Full disclosure: I love mommy blogs. If I didn’t have to work, I’d probably spend my kiddos’ downtime clicking through all of the prettiest, shiniest, most aspirational mommy blogs there are. Seriously, I love them. I find them incredibly addictive.
But if I’m telling the truth, as in the whole truth so help me God? I also find them terrifying. When I’m through at my laptop and I turn around to look into my own living room or kitchen or bedroom and what I see there is NOT pretty, shiny, or anything to aspire to, it can get me down. Sometimes I even need to take a break from reading my favorites. Here’s why:
They can be DEmotivational. The popularity of Pinterest suggests that we should all be massively inspired by the blogging mamas who are doing it all and then some on the craft, décor, enrichment, and style fronts, but all that perfection may actually get in the way of productivity. Why bother even trying? You’re not going to spend precious time and energy on some pin-worthy project when you’re pretty sure it’ll never be as good as the pin.
You can never measure up. Suddenly you’re wondering why you’re so untalented, lazy, unstylish, etc. If they can do it, why can’t you? The answer is complex. Some of the top mommy bloggers have big help from sponsors. Some have kids that are super independent. Some probably have family lives that suffer because of the energy that gets poured into their blogs. Some have a passion for one thing and moved past the novice stage years before they had kids. You just don’t know.
The blog life is not real life. Here’s why you can’t measure up… A mommy blog is not the sum total of a life. It’s a shiny, happy highlight reel of the best moments, the best thoughts and feelings, and the best pictures. Some bloggers can get pretty raw and real but even then you have to remember that you’re not witnessing life in real time. That perfect family vacay they’re writing about today might have happened two months ago.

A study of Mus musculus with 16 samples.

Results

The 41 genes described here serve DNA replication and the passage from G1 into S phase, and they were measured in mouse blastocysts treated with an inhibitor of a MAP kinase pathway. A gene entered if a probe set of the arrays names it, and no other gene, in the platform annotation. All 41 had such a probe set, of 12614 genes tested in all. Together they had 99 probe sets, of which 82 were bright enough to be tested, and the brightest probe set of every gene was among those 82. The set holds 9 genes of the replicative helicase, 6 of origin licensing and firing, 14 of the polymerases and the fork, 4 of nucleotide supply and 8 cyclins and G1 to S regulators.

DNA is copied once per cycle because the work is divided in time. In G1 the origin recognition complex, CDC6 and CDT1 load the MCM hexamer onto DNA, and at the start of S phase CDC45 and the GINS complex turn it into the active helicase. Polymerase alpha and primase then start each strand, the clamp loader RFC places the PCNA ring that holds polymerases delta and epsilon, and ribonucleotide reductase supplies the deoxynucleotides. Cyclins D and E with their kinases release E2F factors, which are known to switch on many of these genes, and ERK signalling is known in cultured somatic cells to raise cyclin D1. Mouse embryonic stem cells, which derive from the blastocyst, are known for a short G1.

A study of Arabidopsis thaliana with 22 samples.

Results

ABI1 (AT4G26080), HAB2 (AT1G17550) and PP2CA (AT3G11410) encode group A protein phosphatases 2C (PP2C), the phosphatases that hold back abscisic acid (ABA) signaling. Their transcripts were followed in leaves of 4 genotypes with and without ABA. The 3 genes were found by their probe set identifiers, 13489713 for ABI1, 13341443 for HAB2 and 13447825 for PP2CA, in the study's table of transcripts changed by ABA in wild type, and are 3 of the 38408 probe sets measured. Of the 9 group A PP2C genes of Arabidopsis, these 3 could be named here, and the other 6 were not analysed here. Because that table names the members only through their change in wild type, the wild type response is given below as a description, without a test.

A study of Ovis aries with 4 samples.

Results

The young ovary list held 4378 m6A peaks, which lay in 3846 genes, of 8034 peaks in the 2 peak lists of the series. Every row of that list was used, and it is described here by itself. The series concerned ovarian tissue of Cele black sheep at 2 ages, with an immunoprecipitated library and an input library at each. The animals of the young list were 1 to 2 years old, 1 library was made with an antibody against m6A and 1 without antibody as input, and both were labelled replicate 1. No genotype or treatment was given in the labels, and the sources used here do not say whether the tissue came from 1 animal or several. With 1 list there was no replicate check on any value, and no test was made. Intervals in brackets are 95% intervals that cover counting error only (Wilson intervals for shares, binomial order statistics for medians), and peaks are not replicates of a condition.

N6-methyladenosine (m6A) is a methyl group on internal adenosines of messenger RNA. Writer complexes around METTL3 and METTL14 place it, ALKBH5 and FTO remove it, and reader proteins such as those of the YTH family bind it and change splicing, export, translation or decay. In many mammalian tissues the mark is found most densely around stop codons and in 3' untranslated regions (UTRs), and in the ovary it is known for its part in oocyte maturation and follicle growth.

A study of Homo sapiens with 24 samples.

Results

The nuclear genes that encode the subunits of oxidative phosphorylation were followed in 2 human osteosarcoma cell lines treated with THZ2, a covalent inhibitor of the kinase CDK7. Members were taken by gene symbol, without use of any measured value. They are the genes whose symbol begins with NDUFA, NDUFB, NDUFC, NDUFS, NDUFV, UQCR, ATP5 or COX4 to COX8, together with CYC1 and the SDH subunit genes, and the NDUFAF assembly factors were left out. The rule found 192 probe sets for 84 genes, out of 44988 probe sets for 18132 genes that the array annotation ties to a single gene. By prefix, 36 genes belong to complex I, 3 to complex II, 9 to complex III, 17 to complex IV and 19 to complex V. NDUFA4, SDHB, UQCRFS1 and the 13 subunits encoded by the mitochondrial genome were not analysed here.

It’s a one-way connection. You may have mommy friends who blog, but that’s entirely different than feeling like mommy bloggers are your friends. But, boy, they do make it easy. They sign their posts with hugs and kisses and hearts and ask you how your day went – respond in the comments! – and say they’ll miss you while they’re at this or that blogging or design conference. But unless you’ve cultivated a real relationship, that’s marketing.
No matter what you do it’ll never feel like enough. You are one mama – your ten favorite mommy bloggers are ten mamas, each with a different area of expertise. But when you’re reading their blogs it can be easy to forget that no one is asking you to be ten mamas in one. Gourmet cook. Fashionista. Epic homeschooler. Perfect wife. Ultra perfect mother. Party planner. DIYer. Seamstress. You get the idea.
Please don’t think I’m suggesting that mommy bloggers are bad or that mommy blogs are bad or that you shouldn’t read mommy blogs! What I am trying to say is that if reading mommy blogs is stressing you out instead of making you smile, take a breather. Put your blog reading on hold for a week or a month and see whether you feel better about your own mothering when you’re not comparing yourself to another mom’s highlight reel.